Conservation Photography began its journey a long time ago, but was only officially recognised in 2005 as a niche category of photography and has gained much traction recently. While images have always been a powerful tool in conveying important messages, photographers are now actively aiming their lenses in directions that can stir up conversation as well as change regarding what is happening to our planet.
What is conservation photography?
This earth, our home, has been subject to much pain and destructive behaviour for many, many years. It is crucial that politicians, policy-makers, business leaders and the public are mobilised not only in raising awareness, but also in putting a stop to activities that are endangering what is left of the natural world surrounding us. Conservation photography combines the creation of images with story-telling and is often well supported with scientifically gripping facts to convey meanings aimed at encouraging the protection of flora, fauna and communities the world over. Some have described this process as giving the Earth a voice.
Vital to the drive behind conservation photography, is realising that an image’s true impact does not end once it has been taken. It’s journey only begins. Making a valuable contribution to conservation requires dedication to showcase images to appropriate audiences. Without this, images will simply fade into the background of the millions of pictures taken daily.
How to use photographs for change
Because visuals have the ability to break through language barriers, they present an incredible opportunity to touch a global audience. While there is currently no clear way of quantifying the actual impact of conservation photography, it still gets people talking and may, in time, lead to more conservation success stories. Multiple factors are involved in ensuring that an image reaches those who need to see it, and that it has the chance to make a worthwhile impression.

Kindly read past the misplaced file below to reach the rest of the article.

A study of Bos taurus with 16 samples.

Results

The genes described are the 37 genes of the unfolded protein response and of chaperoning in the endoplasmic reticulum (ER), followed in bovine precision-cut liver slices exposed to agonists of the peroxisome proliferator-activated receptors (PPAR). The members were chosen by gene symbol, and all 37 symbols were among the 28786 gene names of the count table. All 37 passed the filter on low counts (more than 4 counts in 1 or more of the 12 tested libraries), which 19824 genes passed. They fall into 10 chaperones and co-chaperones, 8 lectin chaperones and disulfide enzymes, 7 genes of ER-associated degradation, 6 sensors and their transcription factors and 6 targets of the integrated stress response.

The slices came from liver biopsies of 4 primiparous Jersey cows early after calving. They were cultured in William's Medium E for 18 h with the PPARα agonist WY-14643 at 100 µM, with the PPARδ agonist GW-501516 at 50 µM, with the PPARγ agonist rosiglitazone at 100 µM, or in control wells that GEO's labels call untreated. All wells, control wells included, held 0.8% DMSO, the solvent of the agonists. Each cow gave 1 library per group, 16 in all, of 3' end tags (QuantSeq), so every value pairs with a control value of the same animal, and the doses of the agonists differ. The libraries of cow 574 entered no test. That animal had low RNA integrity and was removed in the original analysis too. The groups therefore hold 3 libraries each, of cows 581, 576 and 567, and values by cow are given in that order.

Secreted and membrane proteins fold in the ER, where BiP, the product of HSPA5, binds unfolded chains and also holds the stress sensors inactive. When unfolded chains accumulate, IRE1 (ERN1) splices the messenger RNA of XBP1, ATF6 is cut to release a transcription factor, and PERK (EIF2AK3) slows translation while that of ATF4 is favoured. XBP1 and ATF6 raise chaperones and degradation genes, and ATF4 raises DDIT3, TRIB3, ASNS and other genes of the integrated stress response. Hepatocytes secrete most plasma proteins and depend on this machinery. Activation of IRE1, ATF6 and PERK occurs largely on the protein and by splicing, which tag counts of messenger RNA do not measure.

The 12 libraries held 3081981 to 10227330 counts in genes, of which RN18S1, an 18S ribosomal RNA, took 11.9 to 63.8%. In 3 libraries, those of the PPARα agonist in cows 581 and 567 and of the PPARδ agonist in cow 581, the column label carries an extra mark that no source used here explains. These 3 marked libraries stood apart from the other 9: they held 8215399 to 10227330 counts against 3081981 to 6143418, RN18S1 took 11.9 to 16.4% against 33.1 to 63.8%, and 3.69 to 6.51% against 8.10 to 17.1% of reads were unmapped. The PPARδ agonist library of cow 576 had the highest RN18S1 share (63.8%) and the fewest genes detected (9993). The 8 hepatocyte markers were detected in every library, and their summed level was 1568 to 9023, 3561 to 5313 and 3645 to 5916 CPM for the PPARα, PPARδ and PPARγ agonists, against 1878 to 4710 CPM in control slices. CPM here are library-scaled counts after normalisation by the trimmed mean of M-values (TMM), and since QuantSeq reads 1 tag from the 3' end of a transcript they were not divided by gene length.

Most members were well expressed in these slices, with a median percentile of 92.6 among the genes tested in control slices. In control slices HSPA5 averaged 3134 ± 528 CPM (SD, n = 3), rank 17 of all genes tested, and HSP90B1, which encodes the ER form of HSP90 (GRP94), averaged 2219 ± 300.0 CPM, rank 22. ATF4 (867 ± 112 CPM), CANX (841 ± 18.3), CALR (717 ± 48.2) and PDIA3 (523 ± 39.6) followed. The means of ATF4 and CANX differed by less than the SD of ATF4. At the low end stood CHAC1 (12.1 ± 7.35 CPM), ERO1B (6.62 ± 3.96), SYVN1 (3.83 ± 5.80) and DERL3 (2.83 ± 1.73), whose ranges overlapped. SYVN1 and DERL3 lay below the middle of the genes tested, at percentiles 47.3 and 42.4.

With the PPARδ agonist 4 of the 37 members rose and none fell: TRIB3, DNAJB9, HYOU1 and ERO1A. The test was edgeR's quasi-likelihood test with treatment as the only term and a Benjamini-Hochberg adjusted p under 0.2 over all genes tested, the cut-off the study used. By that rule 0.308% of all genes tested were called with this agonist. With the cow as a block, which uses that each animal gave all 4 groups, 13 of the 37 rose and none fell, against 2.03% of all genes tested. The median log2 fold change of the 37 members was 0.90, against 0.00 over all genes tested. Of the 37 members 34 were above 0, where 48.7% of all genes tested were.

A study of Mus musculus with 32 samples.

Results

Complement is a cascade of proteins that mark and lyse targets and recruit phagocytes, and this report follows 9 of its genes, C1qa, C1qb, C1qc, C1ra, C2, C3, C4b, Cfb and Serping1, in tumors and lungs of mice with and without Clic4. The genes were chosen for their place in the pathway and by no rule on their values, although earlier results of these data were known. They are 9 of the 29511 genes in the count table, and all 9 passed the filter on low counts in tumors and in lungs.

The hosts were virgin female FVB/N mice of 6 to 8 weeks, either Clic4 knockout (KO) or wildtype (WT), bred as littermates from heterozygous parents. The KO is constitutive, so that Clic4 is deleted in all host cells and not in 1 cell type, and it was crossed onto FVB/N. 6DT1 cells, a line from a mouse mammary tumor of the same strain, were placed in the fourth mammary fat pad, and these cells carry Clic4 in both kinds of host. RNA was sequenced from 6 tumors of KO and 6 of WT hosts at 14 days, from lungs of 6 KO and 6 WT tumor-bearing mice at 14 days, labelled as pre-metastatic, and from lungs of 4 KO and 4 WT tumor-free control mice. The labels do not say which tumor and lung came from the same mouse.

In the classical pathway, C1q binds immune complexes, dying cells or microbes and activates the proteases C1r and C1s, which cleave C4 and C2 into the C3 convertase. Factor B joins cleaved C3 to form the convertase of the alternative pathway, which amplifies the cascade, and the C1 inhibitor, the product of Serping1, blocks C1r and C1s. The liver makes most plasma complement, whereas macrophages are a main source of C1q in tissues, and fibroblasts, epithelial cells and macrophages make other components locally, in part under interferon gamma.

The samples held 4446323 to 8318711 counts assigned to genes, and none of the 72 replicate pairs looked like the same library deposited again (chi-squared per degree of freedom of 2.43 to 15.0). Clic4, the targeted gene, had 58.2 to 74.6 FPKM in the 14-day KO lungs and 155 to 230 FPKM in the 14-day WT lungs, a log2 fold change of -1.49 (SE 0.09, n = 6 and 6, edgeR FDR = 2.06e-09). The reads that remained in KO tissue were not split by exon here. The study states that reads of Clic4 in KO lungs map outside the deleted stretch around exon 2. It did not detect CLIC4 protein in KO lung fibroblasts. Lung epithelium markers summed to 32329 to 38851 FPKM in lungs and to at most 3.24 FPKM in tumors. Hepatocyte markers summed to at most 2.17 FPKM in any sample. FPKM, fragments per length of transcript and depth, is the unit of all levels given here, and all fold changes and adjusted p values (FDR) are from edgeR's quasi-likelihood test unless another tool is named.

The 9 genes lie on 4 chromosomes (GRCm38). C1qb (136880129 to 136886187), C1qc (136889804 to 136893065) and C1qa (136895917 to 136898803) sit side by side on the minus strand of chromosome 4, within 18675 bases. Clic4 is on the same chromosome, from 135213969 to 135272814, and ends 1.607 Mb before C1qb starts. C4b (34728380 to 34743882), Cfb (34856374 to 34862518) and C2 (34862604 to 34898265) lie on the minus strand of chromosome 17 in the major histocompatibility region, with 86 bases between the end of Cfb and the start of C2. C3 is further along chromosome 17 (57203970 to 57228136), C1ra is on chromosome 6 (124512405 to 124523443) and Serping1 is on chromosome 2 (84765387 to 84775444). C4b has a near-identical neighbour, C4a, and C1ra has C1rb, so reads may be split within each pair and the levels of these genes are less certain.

Caring about what you are sharing
For the photographer, it all starts with focusing on something they are passionate about, be this a landscape undergoing change, a threatened bird species, or a wider perspective of how land use affects a variety of animals. Some travel far and wide to capture the perfect image for the story they want to share, whilst others may find a subject in their hometown. Infusing passion fuels the feeling and significance of a visual.
Making it real
Because one of the core goals of conservation photography is to influence decision-makers, a picture needs to tell a story that goes beyond simply evoking emotion. It needs to be tied to facts, to be made tangible. To do this, it is key that photographers collaborate with scientists and organisations centred around conservation to craft a message that is rooted in evidence and research. This will make it less likely to be easily brushed off and ignored.
Getting people talking
Getting the public involved also plays a large role in the success of a conservation-focused image. Creating platforms for discussion and participation will grow the force behind the cause and can in turn put more pressure on those in high-places to start rethinking harmful policies and actions. Additionally, and importantly, this step makes space for communities affected by the unsustainable use of resources to voice their opinions and concerns, and become part of the process for finding an effective solution that takes all factors into account.
The Good Work Foundation
At The Good Work Foundation, they approach education with the vision of exposing learners to technology, training them in basic skills that will put them on an equal playing-field with other students in South Africa; not only this, but they also want to show their pupils what technology can make possible. Situated near the Kruger National Park, they have woven conservation into their curriculum, involving students in photography projects that may unlock some hidden talents and encourage the use of cameras for meaningful purposes.
For conservation efforts to be successful, stories need to be heard. Supporting photographers in their endeavours to protect the planet is one way in which you too can make a difference. Whether you donate funds or take part in public forums, your role will help in getting a message out there.